UK & World News
Veteran Star Sir Jimmy Savile Dies Aged 84
Veteran broadcaster and charity campaigner Sir Jimmy Savile has died at his home in Leeds.
He would have celebrated his 85th birthday on Monday.
Police found his body when they were called to his home at 12.10pm on Saturday. His death is not being treated as suspicious.
Born in Leeds in 1926, the youngest of seven children, Savile is perhaps best-known for the wildly successful 70s TV series Jim'll Fix It.
Thousands of children would write into the show in the hope of having their wishes granted.
Sir Jimmy was widely regarded as Britain's first ever celebrity DJ, fronting the original series of Top Of The Pops. He was invited back to present the final show in 2006 with former Radio 1 DJ Mike Read.
"He was an exceptional character in a world that's got greyer, more normal, more dull," Mr Read told Sky News.
"He was a one off. He was the first to go into halls and clubs and play records.
"You knew it was Jimmy, he stood out in the crowd. He was pure, pure showbiz."
Another former DJ-ing colleague, Tony Blackburn, told Sky News nobody ever got close to the "real" man.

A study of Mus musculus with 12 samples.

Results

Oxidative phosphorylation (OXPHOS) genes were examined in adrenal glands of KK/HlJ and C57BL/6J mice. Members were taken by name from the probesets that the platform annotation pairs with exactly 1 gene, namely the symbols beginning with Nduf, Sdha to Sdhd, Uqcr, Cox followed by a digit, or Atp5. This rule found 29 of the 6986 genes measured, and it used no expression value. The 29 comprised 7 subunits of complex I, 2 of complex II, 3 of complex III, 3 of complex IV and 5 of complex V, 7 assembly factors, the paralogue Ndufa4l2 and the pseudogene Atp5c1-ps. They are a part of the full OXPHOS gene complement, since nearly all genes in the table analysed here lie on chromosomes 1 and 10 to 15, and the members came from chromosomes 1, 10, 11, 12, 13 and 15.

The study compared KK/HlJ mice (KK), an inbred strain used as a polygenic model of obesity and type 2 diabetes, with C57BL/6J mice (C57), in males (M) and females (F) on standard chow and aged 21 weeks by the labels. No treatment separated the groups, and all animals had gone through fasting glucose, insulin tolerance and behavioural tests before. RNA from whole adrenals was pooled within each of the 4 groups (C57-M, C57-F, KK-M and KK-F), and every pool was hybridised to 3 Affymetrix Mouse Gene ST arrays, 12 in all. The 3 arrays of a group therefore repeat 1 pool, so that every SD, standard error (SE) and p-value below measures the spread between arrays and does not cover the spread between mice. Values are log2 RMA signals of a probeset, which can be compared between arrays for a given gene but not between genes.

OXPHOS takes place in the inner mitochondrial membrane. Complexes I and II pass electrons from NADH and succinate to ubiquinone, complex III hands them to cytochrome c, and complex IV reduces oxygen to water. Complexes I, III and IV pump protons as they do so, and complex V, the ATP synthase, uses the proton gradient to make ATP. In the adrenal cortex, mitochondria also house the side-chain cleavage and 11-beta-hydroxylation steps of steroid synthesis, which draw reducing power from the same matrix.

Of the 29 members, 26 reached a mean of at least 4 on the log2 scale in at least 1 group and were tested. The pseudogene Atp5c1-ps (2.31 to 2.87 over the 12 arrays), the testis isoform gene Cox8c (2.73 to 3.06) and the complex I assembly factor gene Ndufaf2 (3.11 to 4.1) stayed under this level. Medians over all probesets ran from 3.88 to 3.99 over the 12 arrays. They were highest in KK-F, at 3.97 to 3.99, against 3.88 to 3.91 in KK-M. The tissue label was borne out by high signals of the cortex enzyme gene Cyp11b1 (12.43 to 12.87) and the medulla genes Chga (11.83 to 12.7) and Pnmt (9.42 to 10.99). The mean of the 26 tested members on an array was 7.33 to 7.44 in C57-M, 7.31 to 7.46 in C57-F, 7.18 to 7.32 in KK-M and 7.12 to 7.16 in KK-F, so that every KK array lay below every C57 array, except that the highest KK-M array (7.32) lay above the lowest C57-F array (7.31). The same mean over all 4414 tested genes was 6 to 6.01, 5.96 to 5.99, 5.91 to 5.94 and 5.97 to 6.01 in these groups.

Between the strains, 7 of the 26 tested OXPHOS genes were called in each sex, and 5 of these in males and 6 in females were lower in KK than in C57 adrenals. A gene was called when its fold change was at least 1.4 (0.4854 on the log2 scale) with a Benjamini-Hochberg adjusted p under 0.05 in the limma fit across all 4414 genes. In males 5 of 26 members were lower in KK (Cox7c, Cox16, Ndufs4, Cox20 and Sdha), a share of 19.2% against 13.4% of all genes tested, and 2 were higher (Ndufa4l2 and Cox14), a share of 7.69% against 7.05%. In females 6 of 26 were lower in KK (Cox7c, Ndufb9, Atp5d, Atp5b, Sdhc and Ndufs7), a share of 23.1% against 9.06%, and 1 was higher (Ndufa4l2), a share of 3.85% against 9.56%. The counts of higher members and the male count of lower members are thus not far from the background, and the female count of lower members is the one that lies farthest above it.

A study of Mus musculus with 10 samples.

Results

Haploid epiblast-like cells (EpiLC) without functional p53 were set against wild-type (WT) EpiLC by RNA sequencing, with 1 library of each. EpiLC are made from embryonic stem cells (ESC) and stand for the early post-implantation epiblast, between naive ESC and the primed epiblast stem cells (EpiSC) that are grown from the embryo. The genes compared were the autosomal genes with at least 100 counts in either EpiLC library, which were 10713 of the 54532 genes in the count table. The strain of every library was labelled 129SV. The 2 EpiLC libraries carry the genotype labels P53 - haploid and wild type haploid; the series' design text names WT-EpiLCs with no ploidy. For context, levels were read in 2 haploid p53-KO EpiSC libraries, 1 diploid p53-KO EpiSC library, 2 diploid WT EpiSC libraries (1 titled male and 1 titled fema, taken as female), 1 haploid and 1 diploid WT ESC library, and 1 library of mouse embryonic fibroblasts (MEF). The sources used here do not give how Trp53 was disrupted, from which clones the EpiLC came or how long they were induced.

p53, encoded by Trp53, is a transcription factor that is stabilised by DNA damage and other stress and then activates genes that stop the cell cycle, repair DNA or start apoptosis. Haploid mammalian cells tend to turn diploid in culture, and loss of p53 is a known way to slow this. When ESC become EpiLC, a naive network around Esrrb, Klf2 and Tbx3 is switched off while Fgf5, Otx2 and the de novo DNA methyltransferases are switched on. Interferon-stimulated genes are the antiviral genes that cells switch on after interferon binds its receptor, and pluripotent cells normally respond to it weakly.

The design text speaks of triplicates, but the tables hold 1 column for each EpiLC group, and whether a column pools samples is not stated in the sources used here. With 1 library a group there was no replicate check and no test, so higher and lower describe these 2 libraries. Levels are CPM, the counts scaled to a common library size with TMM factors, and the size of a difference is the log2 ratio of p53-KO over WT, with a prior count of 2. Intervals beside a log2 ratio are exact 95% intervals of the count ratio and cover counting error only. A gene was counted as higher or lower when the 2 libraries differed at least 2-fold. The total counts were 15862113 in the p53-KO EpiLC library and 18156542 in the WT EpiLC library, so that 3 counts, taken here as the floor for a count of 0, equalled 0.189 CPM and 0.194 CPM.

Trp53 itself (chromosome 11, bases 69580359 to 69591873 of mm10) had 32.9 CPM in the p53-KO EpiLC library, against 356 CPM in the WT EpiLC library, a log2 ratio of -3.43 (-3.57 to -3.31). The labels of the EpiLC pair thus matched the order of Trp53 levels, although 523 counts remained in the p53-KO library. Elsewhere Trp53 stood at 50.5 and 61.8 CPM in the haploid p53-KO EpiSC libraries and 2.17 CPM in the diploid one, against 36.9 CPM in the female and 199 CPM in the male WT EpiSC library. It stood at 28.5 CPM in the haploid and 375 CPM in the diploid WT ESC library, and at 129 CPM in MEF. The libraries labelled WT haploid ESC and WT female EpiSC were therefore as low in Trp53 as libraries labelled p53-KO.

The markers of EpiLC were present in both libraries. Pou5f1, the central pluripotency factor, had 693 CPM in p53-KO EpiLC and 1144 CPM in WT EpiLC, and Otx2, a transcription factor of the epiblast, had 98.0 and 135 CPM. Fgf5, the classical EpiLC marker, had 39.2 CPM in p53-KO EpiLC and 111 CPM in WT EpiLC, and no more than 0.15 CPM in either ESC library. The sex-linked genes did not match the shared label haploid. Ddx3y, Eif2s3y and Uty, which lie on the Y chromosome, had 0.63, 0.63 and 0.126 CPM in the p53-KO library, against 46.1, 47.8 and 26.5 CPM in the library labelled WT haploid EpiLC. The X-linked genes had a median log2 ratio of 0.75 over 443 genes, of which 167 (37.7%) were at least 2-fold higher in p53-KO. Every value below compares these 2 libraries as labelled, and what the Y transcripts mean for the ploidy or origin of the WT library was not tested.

"He was just a big, over-the-top personality. He was just great fun. He was an unusual person, a one off."
Savile's distinctive style and catchphrases endeared him to the British public, whose support enabled him to reportedly raise over £40m for charity over the course of his career.
He was awarded an OBE in 1972 and was knighted by the Queen in 1990 for his charity work.
In 2009 he received an honorary degree from the University of Bedfordshire for his support of the National Spinal Injuries Centre at Stoke Mandeville Hospital in Aylesbury.
A notoriously private man, Savile never married and very little is known about his personal life.
However, in 2000 he was the subject of a Louis Theroux documentary which revealed something of his life, including his closeness to his mother who he affectionately called "The Duchess".
Mr Theroux said he is "deeply saddened" by the news, describing the Yorkshireman as a "professional enigma".
"He lived his life according to his maxim, often uttered, 'If it ain't a game it's a shame'.He loved to entertain, to dazzle, and to joke.
"In an age of agents, PRs, and media handlers, he was completely the opposite, utterly free of showbiz airs. He was as far from being a diva as one could imagine.
"There won't be another one like him."
Friend and fellow DJ Dave Lee Travis has also paid tribute.
"For some unknown reason, with Jim, you couldn't anticipate that he wasn't going to be around anymore - he was such a powerful presence," he told Sky News.
"He was one of the first DJs that actually became a personality.
"He was a very larger-than-life character, and I think we're all going to be worse off without him around."
Jim'll Fix It ran for over 20 years and, at its peak, received 20,000 letters a week from eager children.
"Jimmy fixed it for me to fly with the Red Arrows in 1990," fan Rhys Appleton told Sky News.
"What a guy. Gave you all the time in the world. A genuinely nice man. Will be sadly missed."